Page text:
Montgomery County Courts – Chancellor Laurence M. McMillan Jr.

If you would like to talk about divorce or custody cases in Tennessee, you can text me at 931-217-7648.

As I discussed before in this post, there are 3 Circuit Court judges and one Chancellor that handle family law cases in Montgomery County, Tennessee.



The Chancery Court is a court of equity. Chancellor Laurence M. McMillan Jr. presides over the Montgomery County Chancery Court. The Chancellor handles family law cases that are assigned to him based on a rotation basis.






Unique to the Chancery Court, the Chancellor is assisted by the clerk and master. The clerk and master here is Ted Crozier. The Clerk and Master assists the Chancellor by having hearing that generally do not require a great deal of testimony.



The majority of the family law cases in Montgomery County are routed through the Chancery Court. This is one reason it takes a little longer to get to a final hearing in Chancery Court. When my clients come to me initially, I tell them that a divorce or custody case in Chancery Court generally takes 8 to 18 months to complete. This is because of the overload of cases in Chancery Court.

The overload has lessened of late due to the assignment of many more domestic cases to the Circuit Court.

Divorce in Chancery Court works under the same general rules that a case in Circuit Court works. One of the things that Chancellor McMillan has instituted in his Court is having a Friday motion date.  This relieves the pressure of having to wait a long time for a final hearing. The Motion date is generally a “non-testimony” day, but is a a “moving” day. This is a time when you can get quick rulings which will help speed the case along.  Motions for support, exclusive possession of the home, motions to compel, are all typically heard on Fridays.  If there is a need for testimony, this must be scheduled special.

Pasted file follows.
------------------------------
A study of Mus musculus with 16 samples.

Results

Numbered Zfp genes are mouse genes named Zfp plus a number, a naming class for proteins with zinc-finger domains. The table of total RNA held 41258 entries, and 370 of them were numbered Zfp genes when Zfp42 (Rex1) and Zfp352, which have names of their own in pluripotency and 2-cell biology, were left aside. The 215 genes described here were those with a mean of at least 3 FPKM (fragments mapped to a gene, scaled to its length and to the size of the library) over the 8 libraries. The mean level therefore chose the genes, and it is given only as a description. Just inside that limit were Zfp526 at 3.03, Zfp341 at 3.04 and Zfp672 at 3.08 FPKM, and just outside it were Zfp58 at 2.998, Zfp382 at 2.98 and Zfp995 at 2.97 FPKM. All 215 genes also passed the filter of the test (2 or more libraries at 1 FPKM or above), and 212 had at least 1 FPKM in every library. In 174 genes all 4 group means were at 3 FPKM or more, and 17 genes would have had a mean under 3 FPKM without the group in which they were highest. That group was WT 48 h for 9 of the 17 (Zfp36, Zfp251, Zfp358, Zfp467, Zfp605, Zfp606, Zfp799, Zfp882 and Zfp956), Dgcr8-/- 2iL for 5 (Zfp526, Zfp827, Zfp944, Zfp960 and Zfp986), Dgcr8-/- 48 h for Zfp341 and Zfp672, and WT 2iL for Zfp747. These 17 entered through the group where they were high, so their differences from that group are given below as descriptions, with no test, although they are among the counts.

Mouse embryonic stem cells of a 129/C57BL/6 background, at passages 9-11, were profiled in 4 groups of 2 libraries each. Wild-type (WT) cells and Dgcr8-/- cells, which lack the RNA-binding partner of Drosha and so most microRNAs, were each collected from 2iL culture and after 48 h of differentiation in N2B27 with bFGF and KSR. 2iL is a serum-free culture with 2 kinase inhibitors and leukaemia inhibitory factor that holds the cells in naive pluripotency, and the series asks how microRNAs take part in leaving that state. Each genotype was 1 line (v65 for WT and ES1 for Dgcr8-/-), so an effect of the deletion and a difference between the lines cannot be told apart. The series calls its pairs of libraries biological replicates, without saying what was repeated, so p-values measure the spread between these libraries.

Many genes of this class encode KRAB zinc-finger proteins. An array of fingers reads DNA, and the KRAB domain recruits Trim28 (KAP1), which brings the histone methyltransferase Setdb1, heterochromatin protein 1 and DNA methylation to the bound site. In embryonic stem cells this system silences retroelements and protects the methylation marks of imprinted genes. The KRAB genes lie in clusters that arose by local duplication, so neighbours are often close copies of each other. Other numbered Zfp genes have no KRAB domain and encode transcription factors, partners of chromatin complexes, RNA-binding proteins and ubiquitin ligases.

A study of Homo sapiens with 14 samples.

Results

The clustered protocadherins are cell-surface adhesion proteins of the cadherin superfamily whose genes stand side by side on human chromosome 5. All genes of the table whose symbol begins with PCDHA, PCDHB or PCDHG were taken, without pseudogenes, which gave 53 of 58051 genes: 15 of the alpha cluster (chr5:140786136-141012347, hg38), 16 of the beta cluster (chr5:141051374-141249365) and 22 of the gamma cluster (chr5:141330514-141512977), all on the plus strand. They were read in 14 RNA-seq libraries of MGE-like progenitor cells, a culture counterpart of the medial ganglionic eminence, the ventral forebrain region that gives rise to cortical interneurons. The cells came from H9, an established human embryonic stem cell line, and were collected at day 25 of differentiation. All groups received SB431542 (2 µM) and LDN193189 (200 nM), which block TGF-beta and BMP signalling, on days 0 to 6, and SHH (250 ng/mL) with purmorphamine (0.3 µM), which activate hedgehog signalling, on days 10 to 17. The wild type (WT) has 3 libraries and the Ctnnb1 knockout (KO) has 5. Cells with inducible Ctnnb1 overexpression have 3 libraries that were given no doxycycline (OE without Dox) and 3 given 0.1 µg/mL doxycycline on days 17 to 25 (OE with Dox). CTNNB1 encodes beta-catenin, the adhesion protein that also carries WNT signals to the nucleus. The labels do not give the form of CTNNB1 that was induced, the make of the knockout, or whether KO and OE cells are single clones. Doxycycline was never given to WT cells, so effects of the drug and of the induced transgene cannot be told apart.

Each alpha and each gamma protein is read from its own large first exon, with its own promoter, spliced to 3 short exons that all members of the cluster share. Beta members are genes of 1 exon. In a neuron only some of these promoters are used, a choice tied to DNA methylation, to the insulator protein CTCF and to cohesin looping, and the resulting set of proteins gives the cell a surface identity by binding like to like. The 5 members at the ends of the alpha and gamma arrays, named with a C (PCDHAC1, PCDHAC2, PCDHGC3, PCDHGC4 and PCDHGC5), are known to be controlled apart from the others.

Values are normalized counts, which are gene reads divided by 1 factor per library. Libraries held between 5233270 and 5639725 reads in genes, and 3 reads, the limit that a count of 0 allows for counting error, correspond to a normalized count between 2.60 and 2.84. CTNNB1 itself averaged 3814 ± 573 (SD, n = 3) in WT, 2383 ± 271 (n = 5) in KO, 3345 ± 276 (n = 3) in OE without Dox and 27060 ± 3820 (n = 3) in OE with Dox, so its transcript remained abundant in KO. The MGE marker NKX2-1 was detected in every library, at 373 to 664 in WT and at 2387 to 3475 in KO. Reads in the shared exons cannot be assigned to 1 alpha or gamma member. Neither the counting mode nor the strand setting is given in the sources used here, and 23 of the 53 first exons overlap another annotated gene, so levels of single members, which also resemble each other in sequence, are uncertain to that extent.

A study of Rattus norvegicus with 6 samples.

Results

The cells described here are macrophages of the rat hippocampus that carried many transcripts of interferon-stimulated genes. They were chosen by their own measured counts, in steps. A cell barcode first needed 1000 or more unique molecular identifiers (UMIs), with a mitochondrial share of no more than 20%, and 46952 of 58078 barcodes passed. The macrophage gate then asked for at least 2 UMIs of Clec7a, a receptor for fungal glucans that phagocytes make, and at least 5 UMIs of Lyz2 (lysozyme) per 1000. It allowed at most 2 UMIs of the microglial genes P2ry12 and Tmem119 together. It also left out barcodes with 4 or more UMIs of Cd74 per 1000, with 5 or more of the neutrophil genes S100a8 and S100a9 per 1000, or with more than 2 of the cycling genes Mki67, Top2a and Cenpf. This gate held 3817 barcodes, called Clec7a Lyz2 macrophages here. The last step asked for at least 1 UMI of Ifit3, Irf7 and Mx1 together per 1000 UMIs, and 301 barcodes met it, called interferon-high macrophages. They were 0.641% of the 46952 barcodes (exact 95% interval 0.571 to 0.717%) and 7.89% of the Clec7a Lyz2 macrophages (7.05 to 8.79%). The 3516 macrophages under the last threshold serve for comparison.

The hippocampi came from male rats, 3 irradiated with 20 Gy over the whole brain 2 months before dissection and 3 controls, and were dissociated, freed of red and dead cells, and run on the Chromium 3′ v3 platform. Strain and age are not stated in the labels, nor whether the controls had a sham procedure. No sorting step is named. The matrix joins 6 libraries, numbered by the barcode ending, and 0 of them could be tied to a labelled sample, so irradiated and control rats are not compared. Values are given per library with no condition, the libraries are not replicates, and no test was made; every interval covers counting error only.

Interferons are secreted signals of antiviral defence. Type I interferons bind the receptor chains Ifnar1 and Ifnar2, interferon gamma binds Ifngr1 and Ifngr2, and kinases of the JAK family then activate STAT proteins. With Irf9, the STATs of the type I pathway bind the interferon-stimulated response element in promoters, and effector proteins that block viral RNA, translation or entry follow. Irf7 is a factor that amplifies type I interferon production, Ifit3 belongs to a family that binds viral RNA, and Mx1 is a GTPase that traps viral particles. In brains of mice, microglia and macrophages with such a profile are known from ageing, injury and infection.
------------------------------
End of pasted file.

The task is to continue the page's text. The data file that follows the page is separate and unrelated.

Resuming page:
Motion day does allows attorneys to bring issues that need immediate solving in a quick and expedient manner. With few exceptions, Chancellor McMillan expects these matters to be handled without the need for testimony. What that means is you generally will not get to a lot of time present your case to the Chancellor. Most of the evidence is presented by either filing evidence or by filing affidavits. The Chancellor expects the attorneys to be able to quickly and succinctly talk through the issues of the case at his emotions day.

Motions for Support are a Friday motion.  This is done through affidavits and income expense sheets. In a previous blog, I talked about income and expense.In Chancellor McMillan court it’s essential that you have an accurate accounting of the amount of money needed and the ability to pay. This is primarily what your attorney will use get you money.

In order to get a final hearing, the attorney uses what’s called a motion to set. The motion to set is also heard on Friday, and is generally by agreement between the two sides. Normally, to get a hearing date you need to have your initial discovery done, early motions done, depositions done, and have completed mediation.

Chancellor McMillan will not waive mediation in his court. Mediation is required. In Montgomery County, there are numerous mediators. Once mediation is ordered, it generally takes about 3 to 4 weeks to complete.

In a final hearing, Chancellor McMillan generally only likes to hear from the opposing parties. He will hear additional evidence if required, but will not want cumulative evidence. He relies heavily on pretrial briefs and by the time the attorneys begin their opening arguments, he generally has a very good idea of where he’s going with the case. Your attorney should have a pretrial brief, and also proposed ruling ready for Chancellor McMillan. He likes the attorneys to lead the case and know where they’re going and know what they’re asking for.